For Yair Lapid, things tend to work out well. He’s handsome, and everything he touches seems to turn to gold. He’s an author, screenwriter and one-time actor. Until recently he was a popular columnist for the best-selling newspaper Yediot Aharonot, but then he left to enter politics. Again, this move went super-smoothly — before he said a single word about what his policies would be, he was polling seven to 20 of the Knesset’s 120 seats.
But it now seems that not everything can be plain sailing for Lapid. Normally, for acceptance to a doctorate degree program in Israel you are expected to have an undergraduate degree. This is the case with Bar Ilan University’s hermeneutics program, which combines master’s and doctoral studies and declares the requirement for a bachelor’s degree in the course description. But Yair Lapid, being Yair Lapid (and having what Bar Ilan calls exceptional non-academic achievements), was admitted without.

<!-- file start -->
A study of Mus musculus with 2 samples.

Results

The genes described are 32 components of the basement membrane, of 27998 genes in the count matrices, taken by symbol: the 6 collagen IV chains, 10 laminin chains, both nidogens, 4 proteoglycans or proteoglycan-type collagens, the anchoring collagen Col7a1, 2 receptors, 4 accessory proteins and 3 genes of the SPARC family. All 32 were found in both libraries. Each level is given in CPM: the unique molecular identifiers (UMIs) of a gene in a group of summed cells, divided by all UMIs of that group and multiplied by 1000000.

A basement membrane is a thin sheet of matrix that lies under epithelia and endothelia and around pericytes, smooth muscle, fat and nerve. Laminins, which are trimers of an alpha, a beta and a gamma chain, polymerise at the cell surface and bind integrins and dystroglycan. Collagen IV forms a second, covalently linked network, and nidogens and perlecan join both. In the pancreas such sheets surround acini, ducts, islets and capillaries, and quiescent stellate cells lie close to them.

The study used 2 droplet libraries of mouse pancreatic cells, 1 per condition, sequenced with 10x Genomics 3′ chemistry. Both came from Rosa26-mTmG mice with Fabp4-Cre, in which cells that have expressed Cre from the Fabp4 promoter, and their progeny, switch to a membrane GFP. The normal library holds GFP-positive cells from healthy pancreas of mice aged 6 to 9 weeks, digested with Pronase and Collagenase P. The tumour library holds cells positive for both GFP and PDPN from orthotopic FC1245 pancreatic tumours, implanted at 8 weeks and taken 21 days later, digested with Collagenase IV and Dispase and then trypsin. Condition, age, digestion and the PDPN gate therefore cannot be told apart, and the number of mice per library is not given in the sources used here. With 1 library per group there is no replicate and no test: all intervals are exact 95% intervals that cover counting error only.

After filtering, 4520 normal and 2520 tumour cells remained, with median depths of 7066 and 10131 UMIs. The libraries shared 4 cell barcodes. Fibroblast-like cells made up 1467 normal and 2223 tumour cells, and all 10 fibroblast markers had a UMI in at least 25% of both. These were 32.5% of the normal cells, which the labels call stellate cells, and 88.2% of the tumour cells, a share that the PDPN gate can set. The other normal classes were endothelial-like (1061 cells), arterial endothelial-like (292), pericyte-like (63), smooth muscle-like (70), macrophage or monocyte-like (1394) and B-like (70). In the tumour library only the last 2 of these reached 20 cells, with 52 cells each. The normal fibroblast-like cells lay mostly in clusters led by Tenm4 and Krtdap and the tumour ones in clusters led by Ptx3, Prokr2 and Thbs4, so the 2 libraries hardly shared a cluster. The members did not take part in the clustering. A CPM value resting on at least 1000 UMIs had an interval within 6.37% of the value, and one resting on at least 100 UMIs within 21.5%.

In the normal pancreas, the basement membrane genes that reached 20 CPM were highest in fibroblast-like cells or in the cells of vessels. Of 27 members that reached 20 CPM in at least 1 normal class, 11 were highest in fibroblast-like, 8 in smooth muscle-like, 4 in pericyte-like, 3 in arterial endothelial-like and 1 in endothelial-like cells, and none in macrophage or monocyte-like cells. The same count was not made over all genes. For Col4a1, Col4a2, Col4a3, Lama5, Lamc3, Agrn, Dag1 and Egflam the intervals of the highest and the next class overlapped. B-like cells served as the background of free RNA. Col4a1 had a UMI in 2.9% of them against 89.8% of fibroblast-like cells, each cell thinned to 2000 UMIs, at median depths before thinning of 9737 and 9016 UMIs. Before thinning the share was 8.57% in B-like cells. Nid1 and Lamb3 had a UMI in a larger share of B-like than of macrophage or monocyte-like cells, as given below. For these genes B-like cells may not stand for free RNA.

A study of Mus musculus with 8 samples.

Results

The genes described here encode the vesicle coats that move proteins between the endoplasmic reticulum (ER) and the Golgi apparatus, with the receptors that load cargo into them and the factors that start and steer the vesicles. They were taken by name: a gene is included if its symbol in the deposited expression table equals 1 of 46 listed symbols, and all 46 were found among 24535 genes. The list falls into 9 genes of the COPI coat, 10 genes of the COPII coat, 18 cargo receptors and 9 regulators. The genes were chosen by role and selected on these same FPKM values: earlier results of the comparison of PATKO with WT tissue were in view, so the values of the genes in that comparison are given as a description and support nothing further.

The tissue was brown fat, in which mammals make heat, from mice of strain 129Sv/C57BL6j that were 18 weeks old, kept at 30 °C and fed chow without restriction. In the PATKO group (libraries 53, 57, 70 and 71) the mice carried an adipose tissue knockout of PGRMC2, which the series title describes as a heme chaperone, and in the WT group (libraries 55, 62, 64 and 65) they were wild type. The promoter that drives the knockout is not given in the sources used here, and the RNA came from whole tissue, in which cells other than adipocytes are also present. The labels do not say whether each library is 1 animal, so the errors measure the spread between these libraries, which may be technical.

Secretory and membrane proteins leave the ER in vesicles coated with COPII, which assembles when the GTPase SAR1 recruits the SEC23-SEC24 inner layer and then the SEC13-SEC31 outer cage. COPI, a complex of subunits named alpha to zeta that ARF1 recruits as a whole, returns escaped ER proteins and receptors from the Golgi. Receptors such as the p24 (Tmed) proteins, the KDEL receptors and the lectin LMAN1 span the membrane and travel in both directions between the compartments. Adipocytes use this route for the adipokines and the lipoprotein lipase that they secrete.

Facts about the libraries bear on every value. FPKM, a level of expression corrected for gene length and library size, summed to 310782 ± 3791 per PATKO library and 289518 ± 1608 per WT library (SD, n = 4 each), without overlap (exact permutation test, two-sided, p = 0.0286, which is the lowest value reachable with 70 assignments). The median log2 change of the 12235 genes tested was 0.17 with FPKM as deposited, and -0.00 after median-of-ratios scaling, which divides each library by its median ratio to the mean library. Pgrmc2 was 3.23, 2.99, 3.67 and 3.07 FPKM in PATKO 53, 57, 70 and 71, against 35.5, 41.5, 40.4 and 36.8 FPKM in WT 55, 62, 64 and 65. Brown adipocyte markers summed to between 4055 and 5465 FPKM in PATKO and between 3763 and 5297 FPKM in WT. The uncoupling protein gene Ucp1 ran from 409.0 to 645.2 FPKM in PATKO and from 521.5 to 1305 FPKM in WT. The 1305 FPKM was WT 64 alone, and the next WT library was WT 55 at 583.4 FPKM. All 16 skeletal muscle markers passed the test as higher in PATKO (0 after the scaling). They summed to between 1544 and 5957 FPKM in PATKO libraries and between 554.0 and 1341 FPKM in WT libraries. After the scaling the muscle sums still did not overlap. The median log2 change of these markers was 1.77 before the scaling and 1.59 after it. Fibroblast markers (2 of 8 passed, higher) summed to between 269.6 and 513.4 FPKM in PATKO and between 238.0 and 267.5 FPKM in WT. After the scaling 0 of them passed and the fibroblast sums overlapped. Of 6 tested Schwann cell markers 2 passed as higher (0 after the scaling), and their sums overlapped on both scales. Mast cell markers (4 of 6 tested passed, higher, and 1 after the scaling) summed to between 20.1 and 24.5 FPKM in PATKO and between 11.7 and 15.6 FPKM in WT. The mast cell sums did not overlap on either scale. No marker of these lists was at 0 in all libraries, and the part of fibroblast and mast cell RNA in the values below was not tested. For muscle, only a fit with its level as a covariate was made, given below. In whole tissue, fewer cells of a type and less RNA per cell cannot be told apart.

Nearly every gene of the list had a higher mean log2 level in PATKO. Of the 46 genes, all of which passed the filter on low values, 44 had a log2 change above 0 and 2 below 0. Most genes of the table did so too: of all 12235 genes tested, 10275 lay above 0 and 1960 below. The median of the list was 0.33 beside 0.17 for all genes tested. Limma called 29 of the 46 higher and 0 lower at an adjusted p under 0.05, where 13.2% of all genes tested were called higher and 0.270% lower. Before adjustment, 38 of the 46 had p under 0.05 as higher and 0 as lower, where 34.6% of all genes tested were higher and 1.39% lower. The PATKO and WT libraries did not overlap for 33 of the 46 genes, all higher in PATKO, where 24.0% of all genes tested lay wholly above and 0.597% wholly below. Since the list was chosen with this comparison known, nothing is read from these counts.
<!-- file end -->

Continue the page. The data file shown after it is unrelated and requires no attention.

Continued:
Now, Israel’s Council of Higher Education has told Bar Ilan that doing so — for Lapid and a few others deemed to have non-academic achievements that have prepared them for doctorates — is unacceptable. “The committee views this option offered by Bar-Ilan very gravely,” the committee wrote in its ruling according to Haaretz. Bar Ilan’s conduct constituted “a fundamental deviation from proper academic standards,” the committee added.
So, it seems that Lapid won’t get his doctorate before getting an undergraduate degree. But as we said for Yair Lapid, things tend to work out well, and there’s a silver lining here. The Council of Higher Education ruled that while he can’t have a PhD straight away, he should get to study for undergraduates for free, at the university’s expense. So Lapid may have to wait for his doctorate, but he’ll get a free bachelor’s degree.